This week Martin McDonagh's new film Seven Psychopaths opens, and it’s sure to take the Irish playwright and film director to a new level of success after the 2008 indie hit In Bruges. Cahir O'Doherty talks to the Oscar winning writer about celebrating each Christmas in Galway, his long journey from working class south London to the palm trees of Hollywood, and his plan to return to Ireland in theater and film.
Some people suspect psychopaths surround them, but writer Marty Faranan (Colin Farrell) knows it for a fact.
An Irish screenwriter who has run out of original ideas in a town where that’s career suicide, saddled with a girlfriend at the end of her rope (Abbie Cornish), Marty’s life is finally turned upside down by his well-meaning but insane best friend Billy (Sam Rockwell).
Before he knows what’s happened to him, Marty is an accomplice to his friend’s dog-knapping business until they make the biggest mistake of their lives -- pilfering the Shih Tzu belonging to mob boss Charlie Costello (Woody Harrelson), a man who would shoot your head off without a word but who still somehow adores his little puppy.
It’s the kind of shoot em’ up scenario that playwright McDonagh, 44, has made his stock in trade since his early Irish theatrical shockers like The Beauty Queen of Leenane set the theatrical world (and Broadway) on fire back in the late nineties.
Written and directed by McDonagh, Seven Psychopaths will probably be the general audience hit he has been hoping for when it opens this Friday. Previously McDonagh’s 2008’s independent flick In Bruges wowed the critics but really didn’t do the kind of box office business that the London-born Irish writer and director had hoped for.
But then Colin Farrell won a Golden Globe Award for his role and suddenly the film was back in play. Since then Dubliner Farrell has become a go-to actor for McDonagh.
“We really like each other and share the same sense of humor and ideas about film and acting,” McDonagh tells the Irish Voice during an interview on Monday.
“It’s probably the sense of humor that’s completely on the same page and that’s why we do good work together.”
Since his debut at a theatrical wonder kid in the late nineties, McDonagh’s work has delighted in upsetting people’s expectations. He’s always been more punk rock than masterpiece theater, and he’d be the first to say so.
“The Clash and the Pogues and people like that were a big influence on me in my teens,” says McDonagh. “I guess as much as you want to be a part of the filmmaking or theater world, you kind of also want to question the parts you disagree with about them. I guess a punk rock sensibility frees you up to do that.”
Critics often say McDonagh “came from nowhere,” which is a kind of snooty code for saying he’s Irish and he’s working class. He’s hasn’t forgotten his roots at all.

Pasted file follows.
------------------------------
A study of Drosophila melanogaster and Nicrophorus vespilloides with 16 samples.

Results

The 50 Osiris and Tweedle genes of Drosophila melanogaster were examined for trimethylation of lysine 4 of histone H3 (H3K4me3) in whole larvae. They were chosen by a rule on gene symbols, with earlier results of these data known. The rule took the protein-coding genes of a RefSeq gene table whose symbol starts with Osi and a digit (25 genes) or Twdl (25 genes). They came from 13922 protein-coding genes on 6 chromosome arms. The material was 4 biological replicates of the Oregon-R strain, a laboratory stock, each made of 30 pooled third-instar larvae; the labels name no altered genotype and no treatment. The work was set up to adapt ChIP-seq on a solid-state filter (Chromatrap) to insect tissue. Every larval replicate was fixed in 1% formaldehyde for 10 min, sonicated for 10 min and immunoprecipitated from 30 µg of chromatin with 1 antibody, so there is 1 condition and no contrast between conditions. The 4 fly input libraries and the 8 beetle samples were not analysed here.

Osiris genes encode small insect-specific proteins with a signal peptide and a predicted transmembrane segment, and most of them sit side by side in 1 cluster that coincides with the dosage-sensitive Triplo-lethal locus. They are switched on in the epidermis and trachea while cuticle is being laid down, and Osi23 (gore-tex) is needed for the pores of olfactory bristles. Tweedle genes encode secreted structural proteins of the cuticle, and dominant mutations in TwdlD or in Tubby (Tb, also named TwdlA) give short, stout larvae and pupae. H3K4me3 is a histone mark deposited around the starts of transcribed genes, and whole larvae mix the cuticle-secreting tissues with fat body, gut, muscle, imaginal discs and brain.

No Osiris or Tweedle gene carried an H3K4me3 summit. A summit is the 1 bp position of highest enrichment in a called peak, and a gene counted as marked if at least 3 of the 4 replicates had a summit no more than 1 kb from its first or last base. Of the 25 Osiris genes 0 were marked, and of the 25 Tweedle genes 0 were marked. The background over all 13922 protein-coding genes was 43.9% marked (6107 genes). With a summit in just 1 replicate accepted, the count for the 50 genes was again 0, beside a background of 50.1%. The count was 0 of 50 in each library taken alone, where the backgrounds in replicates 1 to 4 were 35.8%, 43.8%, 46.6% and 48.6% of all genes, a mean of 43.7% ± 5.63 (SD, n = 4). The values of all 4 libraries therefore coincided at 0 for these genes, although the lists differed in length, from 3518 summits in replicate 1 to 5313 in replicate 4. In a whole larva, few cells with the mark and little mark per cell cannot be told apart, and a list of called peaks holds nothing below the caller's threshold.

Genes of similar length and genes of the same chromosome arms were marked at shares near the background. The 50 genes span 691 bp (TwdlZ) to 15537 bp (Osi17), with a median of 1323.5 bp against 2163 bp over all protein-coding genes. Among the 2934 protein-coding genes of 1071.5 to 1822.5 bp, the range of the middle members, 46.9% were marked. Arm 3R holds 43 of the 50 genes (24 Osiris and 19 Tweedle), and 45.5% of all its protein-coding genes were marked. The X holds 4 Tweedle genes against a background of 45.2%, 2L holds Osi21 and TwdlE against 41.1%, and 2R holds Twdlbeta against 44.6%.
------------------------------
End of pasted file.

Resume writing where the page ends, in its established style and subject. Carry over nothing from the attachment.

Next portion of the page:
“I guess when you come from my background it’s always going to be there. Success or being part of Hollywood or the theater community was never on the agenda. I just want to do good work,” he says.
“The success isn’t an issue really; it’s about expressing an opinion about the world that isn’t really being expressed maybe. That’s always there and I don’t think that’s going to change really.”
Now that his focus in Seven Psychopaths is on American gangsters McDonagh is free to explore one of the enduring elements of American drama -- guns.
“It’s something that in a playful way I kind of wanted to point out and question I guess. Why does every movie have to have guys with guns in it? I love those kinds of films, but I didn’t want to make one without poking fun a little bit or being a little satirical about it.”
The film leads to an explosive shootout at the Joshua Tree, that landmark made famous by U2 and that McDonagh loves for his own reasons.
“I just always thought of it as a beautiful place. I went there for the first time about 10 years ago with the purpose of thinking about it being the location to end this film,” he says.
“I love those Sergio Leone spaghetti westerns and things like that, and it’s so close to Los Angeles too so it was a prefect place for the boys to end up.”
So Bono wasn’t a part of this equation? “No, not really. I swear. I was always more of a Pogues fan than a U2 fan.”
Fans of McDonagh’s Irish plays will want to know if he has plans to return to the landscape that brought him fame.
“I will yeah,” he says simply. “I’m always back in Connemara because my parents are back there and I’m back about three or four times a year myself. I mean John (his filmmaker brother) is just in the middle of his second one in Ireland and I hear all the stories that come from there,” McDonagh says.